Writing by people with reading and writing difficulties
People with reading and writing difficulties often find writing to be their greatest and most demanding challenge. This project therefore focuses on the question of how to provide support to assist tem in overcoming this challenge. The starting point for the project is that, for the majority of those with reading and writing difficulties, spelling is the greatest obstacle to writing. This involves not only making many spelling mistakes, but also worrying about making mistakes and putting great effort into avoiding them, for example, by editing and replacing words. A risk with that is that spelling will take priority over other important aspects of writing such as creating interesting content and a good overall structure, as well as considering the intended genre and type of reader. If this happens, spelling will draw resources from these other writing processes and thereby impact on the development of writing skills in individuals with reading and writing difficulties.
In order to free-up resources for these other processes, it is important to find a way to reduce the demands that spelling places on writing. One way to do this is for people with reading and writing difficulties to dictate their texts with the help of speech recognition. Another is to use a spellchecker. In this project we are focusing the use of speech-recognition tools, but the use of spellcheckers will be investigated as a comparison.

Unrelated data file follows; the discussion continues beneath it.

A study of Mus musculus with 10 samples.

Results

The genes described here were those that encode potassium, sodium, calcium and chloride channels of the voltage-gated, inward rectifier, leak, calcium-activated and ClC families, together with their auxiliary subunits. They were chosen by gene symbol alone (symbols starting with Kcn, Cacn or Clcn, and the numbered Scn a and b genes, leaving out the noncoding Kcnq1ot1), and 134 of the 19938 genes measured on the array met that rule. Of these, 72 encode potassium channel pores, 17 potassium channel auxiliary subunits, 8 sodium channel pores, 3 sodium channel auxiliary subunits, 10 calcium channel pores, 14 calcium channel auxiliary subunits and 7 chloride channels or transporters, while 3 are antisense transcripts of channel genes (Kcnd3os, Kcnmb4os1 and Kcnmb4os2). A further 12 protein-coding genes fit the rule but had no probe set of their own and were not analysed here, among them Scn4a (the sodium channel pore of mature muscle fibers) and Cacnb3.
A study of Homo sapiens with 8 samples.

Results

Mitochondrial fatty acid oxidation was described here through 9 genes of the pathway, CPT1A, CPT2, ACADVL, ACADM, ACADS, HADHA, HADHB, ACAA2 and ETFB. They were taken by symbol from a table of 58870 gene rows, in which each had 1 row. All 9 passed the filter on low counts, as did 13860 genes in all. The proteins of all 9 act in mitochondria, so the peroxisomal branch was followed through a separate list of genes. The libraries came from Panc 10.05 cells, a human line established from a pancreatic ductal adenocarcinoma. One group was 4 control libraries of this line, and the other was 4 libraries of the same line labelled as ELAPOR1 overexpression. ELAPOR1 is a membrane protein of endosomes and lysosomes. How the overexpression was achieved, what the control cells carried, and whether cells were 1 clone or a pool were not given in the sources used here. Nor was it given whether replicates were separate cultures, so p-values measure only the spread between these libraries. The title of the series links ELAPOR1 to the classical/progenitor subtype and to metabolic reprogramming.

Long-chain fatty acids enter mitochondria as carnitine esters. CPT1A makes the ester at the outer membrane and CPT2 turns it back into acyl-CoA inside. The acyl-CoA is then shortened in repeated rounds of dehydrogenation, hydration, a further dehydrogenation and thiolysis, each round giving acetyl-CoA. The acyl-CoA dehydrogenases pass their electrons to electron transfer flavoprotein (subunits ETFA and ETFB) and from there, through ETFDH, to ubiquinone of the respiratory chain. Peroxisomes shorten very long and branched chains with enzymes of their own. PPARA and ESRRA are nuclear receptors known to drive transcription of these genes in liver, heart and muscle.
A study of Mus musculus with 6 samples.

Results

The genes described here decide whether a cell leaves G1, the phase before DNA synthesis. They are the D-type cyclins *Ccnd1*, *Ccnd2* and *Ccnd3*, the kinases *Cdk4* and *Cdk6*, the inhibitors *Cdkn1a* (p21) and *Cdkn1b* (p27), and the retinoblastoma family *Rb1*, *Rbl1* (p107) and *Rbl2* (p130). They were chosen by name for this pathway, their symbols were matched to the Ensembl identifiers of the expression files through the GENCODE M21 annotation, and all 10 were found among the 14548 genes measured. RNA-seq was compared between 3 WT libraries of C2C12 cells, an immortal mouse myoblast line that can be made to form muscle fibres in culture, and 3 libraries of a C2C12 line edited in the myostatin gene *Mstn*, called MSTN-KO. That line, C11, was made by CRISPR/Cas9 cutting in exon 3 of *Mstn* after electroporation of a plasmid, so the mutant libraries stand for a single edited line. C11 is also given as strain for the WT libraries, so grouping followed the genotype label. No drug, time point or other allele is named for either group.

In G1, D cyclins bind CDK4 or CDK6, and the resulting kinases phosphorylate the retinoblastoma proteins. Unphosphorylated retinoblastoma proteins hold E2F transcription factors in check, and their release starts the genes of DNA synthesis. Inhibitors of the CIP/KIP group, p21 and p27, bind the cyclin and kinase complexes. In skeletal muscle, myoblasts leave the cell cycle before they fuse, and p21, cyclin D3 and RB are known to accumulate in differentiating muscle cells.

Using speech recognition to facilitate writing
While speech recognition for Swedish a few years ago was both expensive and inaccessible, today systems to write through speaking are built in to most computers, tablets and mobiles. It is therefore of great interest develop our understanding of the effects that dictation has on the writing process, in general, and on the writing of those with reading and writing difficulties, in particular.
At the present time, we lack knowledge about the opportunities, and the limitations, created by using speech-recognition systems for writing, and about the impact they may have on the writing processes and on the finished text when production is by speaking rather than writing. Moreover, it is of interest to know the extent to which the answers to these questions are language dependent.
Different language orthographies are more or less complex, and it is therefore reasonable to suppose that the cognitive resources needed for spelling differs between languages. For example, while Italian is a language with a very transparent and consistent spelling system, the relationship between spelling and pronunciation in English is much less consistent. Swedish comes somewhere between English and Italian in terms of the consistency of the spelling system.
In this project we plan to investigate:
- how the text is affected by being dictated instead of written (with keyboard) in people with and without dyslexia,
- the extent to which people with reading and writing can benefit from explicit instruction in writing using speech-recognition,
- whether English-speaking and Swedish-speaking people with reading and writing difficulties are affected to a similar degree when they dictate their texts.
More theoretically, we are interested in how different language tools, in this case speech and writing, affect text production and how language-dependent this is.